Water damage can wreak havoc on your home, especially if it goes undetected. In fact, the worst scenario is often a product of the homeowner being away. “The type of plumbing problem that occurs when you're not home definitely causes the most damage,” says Sarah Huber, a claims examiner at Amica.
Finding standing or pooling water is an unmistakable sign that you may have a problem on your hands, but there are other indicators you can look out for before plumbing issues become costly.
A musty odor
A smell similar to that of wet paper can be the first sign of a water problem, especially when coupled with a humid feeling in the room.1 A water leak in the basement, for example, can produce excess moisture and cause mold and mildew growth.2
The ceiling is one of the easiest places to spot a problem in your home. “We see that a lot when a pipe freezes, or a second floor toilet overflows, and we're dealing with multiple floors and multiple areas of damage,” notes Huber. If you see any discoloration, or brown or yellow stains – particularly if they seem to be getting larger each time you look – check the space above the ceiling or the roof to see if you can find the source.3
If there is water damage to your floors, you may be able to feel it before you see it, as moisture permeating the floorboards and subflooring causes noticeable differences. These changes may include warping, buckling, bulging, sagging, soft and spongy spots, and sinking.4,5
Peeling on the walls
Like the floor, damaged walls may begin to flex or warp when they are saturated with water, but you’ll also be able to notice a change in the paint or wallpaper. If your walls are painted, the paint may begin to peel or blister. If you have wallpaper, it may start to separate from the wall as the adhesive disintegrates.3 Cosmetically fixing your walls should be straightforward, but these quick remedies could indicate you’ll need more significant restorations. “If it's minor water damage, you can sometimes repair and then repaint,” says Chris Murphy, a claims examiner at Amica. “But for extensive water damage, you're looking at sometimes a full gut of the room, removing all walls, ceilings, trim, and replacing everything up to the framing.”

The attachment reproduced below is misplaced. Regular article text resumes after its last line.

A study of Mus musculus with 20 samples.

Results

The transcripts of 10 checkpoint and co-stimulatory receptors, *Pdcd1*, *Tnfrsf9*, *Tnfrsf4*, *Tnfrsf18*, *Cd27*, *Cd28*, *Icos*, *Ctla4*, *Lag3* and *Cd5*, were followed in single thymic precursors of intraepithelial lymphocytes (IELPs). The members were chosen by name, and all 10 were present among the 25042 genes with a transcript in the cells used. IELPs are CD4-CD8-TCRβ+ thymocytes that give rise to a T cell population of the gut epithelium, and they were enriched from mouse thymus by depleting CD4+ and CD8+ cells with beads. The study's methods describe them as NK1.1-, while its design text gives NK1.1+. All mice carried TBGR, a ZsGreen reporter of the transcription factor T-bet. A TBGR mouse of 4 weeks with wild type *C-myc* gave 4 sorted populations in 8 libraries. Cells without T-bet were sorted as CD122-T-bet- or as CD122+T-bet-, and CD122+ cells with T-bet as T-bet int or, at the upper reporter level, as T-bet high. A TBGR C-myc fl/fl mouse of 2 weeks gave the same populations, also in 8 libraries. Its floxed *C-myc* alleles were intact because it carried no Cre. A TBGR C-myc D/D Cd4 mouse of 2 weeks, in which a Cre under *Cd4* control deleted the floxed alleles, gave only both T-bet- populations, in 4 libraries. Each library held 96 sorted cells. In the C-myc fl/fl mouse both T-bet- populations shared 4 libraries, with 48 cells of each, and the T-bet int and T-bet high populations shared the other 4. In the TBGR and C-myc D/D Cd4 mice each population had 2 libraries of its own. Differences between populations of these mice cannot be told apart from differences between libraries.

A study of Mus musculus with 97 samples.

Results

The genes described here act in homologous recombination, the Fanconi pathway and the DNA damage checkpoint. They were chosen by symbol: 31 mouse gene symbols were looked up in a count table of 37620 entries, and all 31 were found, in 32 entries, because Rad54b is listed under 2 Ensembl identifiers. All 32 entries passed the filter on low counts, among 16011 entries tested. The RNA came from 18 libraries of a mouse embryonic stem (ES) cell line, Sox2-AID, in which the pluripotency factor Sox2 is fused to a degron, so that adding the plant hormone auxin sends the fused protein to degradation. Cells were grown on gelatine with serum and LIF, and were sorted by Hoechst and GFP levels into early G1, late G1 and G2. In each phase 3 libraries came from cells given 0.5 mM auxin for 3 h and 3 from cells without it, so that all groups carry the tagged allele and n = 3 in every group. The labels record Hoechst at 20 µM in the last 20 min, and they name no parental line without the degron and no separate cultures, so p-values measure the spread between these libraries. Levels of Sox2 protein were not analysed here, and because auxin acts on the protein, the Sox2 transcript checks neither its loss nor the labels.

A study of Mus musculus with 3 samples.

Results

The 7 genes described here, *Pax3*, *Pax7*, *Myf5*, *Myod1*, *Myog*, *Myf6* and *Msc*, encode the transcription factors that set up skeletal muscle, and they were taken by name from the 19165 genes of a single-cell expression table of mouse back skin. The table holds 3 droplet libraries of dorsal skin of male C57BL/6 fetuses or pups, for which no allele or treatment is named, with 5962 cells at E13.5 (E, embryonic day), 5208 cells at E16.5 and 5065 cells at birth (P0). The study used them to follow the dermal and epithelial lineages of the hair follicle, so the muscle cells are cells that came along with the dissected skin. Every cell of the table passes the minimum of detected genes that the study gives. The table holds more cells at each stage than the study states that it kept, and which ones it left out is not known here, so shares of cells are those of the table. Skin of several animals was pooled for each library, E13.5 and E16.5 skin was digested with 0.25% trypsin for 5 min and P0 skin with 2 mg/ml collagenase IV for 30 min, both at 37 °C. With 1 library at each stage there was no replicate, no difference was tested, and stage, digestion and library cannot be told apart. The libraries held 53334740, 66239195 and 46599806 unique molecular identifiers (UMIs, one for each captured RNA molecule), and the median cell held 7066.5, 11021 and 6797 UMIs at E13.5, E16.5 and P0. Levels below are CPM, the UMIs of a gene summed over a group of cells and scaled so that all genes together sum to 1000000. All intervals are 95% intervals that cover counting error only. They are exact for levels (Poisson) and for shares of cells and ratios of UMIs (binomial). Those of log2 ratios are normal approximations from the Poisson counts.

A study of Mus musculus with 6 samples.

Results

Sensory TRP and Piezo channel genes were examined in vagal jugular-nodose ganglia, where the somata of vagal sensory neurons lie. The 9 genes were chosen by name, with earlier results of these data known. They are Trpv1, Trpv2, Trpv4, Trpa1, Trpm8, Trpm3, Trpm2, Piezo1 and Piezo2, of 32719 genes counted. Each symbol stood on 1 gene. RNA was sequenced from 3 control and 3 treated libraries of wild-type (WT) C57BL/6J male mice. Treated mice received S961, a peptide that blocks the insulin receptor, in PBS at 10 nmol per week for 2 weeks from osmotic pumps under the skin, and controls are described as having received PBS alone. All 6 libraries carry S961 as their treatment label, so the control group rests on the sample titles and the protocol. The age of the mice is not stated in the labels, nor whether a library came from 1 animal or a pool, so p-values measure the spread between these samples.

If you’ve lived in your home for a while, you’re probably used to the regular noises it makes. However, if you hear new sounds like dripping or sloshing water in the walls or cabinets, try to locate the source to see if there is any visible moisture. Then, call a professional plumber to come check it out.1
Changes in your water bill
One of the strongest signs of water damage can be reflected in your monthly utility bill.2 An unusually high bill can indicate a leak if your household’s daily water usage has not changed, which can happen when having overnight guests or watering your lawn.
All houses have a main water shut-off valve. Make sure you know where your home’s is in case of emergency or routine maintenance. Cracks or leaks around the water main could signify a plumbing issue.6
After searching your home, if you don’t see any of the water damage signs mentioned above, you can test for a leak by checking your water meter. First, turn off the water to your home and note the number you see on the meter. Twenty minutes later, if the number on the meter has changed, you’ll know there is a leak in your system.7
In addition, you should make sure to replace your water heater at least every 10 years. “Even if you're getting around the seven-year mark, you might want to keep an eye on it, especially for people who have a finished area of their basement,” Huber says.